Timber REIT Weyerhaeuser's (NYSE: WY ) stock is booming, hitting a 52-week high despite slow growth from a rebounding housing market. While long-term shareholders of this century-old company have reaped bountiful profits from the trend, will Weyerhaeuser keep giving investors more of what they want -- or is it headed for a downturn?
Riding the coattails of housing
The long-awaited rebound of the housing market has contributed to Weyerhaeuser's rising fortunes.
Of the company's four business segments -- timber, wood products, cellulose fibers, and real estate -- only the smaller real estate segment didn't enjoy year-over-year revenue gains in 2011. Overall revenue has held steady so far in 2012, and analysts expect it to continue growing in the high-single-digits for the next couple of years. With new home starts up 17% this year from 2011, investors can have confidence in growing demand for wood products.
It's not just the macroeconomic environment that should please shareholders. Management consolidated the corporation's holdings during its conversion to REIT status in 2010 and sold off numerous business units. While such necessary moves hammered the stock from 2008 to 2010, Weyerhaeuser emerged from the recession focused around its core business units and ready to rise again.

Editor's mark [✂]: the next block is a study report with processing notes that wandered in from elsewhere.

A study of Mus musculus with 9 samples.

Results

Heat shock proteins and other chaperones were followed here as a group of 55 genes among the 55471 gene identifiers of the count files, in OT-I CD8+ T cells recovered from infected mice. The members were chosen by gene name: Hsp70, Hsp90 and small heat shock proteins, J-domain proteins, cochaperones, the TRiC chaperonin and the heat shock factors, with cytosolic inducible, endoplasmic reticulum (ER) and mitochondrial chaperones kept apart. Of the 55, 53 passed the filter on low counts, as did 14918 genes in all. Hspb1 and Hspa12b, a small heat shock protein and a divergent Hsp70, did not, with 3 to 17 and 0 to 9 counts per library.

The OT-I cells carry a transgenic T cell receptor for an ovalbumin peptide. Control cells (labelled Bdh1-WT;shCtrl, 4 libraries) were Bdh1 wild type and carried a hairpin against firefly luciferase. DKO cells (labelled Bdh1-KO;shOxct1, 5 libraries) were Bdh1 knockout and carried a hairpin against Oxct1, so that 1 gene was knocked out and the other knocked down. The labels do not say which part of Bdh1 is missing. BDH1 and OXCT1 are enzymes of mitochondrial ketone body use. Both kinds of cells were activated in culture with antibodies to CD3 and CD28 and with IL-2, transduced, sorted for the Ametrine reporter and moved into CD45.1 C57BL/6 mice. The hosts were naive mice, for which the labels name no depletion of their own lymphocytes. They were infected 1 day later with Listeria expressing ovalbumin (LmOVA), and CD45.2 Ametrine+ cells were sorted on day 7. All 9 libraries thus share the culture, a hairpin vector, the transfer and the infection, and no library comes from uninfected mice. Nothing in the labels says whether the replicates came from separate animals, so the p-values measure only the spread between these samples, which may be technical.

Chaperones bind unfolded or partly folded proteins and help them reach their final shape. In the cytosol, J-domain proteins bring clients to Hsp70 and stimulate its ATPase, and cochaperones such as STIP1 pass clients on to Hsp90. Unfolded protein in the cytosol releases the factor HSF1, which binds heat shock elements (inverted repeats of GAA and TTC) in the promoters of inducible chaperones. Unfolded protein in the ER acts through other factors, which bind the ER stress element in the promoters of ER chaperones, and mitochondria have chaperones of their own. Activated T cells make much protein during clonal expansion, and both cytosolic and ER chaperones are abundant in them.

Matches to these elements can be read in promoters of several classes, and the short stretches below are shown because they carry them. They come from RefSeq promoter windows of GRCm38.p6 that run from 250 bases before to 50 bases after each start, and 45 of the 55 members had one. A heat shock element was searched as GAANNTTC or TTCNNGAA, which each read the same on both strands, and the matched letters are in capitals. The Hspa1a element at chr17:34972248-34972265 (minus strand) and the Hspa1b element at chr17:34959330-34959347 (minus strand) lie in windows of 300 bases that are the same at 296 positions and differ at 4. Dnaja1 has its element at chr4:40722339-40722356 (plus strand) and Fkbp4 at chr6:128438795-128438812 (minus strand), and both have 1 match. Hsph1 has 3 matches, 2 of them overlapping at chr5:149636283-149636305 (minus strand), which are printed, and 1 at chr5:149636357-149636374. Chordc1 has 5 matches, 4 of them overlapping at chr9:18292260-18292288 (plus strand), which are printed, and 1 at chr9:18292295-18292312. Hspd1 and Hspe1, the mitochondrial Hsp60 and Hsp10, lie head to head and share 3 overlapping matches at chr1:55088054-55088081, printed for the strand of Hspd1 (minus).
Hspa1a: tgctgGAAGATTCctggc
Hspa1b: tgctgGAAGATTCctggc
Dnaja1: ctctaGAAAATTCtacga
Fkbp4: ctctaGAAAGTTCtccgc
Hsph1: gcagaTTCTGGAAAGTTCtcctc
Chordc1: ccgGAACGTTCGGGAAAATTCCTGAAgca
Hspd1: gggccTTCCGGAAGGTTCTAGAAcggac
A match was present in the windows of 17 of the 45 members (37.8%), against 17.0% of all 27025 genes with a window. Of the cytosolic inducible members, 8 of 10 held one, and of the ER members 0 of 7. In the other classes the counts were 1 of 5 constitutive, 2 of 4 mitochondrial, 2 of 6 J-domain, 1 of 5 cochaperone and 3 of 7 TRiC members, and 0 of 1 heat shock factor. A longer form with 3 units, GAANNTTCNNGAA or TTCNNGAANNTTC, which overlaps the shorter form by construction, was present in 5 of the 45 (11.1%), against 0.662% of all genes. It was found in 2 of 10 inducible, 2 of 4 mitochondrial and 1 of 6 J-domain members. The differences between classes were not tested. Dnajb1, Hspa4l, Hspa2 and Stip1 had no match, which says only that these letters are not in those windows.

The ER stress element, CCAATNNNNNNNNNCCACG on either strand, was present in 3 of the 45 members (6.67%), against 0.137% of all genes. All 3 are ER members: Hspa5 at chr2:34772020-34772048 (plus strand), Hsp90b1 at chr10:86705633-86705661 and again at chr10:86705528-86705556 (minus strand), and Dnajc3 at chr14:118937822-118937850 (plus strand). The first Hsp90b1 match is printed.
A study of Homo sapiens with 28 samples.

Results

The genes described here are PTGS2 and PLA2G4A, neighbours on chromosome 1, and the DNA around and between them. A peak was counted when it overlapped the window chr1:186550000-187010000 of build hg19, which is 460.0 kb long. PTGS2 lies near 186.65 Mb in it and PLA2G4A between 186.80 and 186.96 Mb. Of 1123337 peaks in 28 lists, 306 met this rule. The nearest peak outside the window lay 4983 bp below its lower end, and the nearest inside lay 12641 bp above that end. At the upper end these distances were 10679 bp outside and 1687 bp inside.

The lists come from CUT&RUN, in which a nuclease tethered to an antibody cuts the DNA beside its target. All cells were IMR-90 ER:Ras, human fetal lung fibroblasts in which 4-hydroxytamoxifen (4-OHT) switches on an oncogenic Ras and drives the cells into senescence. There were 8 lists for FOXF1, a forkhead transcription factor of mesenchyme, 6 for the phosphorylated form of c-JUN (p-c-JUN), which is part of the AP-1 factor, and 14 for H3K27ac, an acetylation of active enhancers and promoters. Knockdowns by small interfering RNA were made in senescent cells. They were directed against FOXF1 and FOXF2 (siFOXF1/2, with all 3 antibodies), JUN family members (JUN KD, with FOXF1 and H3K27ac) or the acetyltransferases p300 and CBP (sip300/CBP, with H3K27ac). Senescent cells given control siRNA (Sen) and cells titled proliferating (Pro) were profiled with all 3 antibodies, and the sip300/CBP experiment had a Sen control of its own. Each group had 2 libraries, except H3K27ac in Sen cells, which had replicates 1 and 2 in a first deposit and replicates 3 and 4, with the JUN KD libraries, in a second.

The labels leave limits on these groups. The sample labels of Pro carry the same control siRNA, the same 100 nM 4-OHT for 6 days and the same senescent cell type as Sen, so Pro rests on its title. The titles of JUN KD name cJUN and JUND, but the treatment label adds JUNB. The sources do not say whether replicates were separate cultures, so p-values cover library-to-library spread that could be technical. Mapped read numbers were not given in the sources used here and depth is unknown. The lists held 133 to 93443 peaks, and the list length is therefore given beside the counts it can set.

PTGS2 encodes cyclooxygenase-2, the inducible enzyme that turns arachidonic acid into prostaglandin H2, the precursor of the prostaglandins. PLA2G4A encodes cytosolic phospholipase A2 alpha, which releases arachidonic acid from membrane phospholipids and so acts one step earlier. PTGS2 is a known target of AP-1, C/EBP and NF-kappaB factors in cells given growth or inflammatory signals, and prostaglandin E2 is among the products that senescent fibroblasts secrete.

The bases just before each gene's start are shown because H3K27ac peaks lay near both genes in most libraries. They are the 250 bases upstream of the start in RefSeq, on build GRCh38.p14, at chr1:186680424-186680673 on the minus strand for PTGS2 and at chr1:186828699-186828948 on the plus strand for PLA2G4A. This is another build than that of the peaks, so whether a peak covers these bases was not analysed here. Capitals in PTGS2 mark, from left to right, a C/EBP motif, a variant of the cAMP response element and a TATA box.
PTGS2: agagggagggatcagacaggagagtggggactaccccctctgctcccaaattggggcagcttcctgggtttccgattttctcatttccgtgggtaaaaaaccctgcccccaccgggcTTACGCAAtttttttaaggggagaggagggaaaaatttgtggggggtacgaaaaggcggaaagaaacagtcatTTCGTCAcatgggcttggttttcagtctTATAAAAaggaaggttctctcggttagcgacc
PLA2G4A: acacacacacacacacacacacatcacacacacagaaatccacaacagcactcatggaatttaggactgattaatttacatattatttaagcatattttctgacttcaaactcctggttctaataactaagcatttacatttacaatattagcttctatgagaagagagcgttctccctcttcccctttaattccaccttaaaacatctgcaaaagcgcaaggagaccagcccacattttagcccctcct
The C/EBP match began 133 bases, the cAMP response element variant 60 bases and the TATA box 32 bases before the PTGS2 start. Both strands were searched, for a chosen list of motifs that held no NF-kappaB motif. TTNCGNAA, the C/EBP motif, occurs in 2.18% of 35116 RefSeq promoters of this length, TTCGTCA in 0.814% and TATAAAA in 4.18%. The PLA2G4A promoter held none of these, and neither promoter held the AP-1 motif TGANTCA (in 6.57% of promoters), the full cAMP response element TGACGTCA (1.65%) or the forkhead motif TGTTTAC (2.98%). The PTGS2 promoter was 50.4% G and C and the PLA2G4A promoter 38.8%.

A financial mixed bag
It's best to compare the company's statistics against its peers in the logging and timber industry.
Return on Equity
|Plum Creek Timber (NYSE: PCL )||5.4||239.4||4.2%||13.9%|
|Potlatch (Nasdaq: PCH )||10.9||264.5||3.7%||21.8%|
|Rayonier (NYSE: RYN )||4.3||74.9||3.7%||21.3%|
Source: Yahoo! Finance.
Of these four timber REITs, Weyerhaeuser starts to look vulnerable. Although investors should relish the low valuation and manageable debt load compared to its peers, the company's low dividend -- especially for a REIT -- and return on equity (considerably lower than its competitors) should raise a few eyebrows.
Overall, investors may want to take a cautious approach to investing in Weyerhaeuser. The company should perform well with a rebounding housing market and growing demand for wood products, but cautious investors could probably find stronger offerings. Timber rival Rayonier sports exceptional financial stats and a dividend that considerably beats Weyerhaeuser's, appealing to value and income investors alike.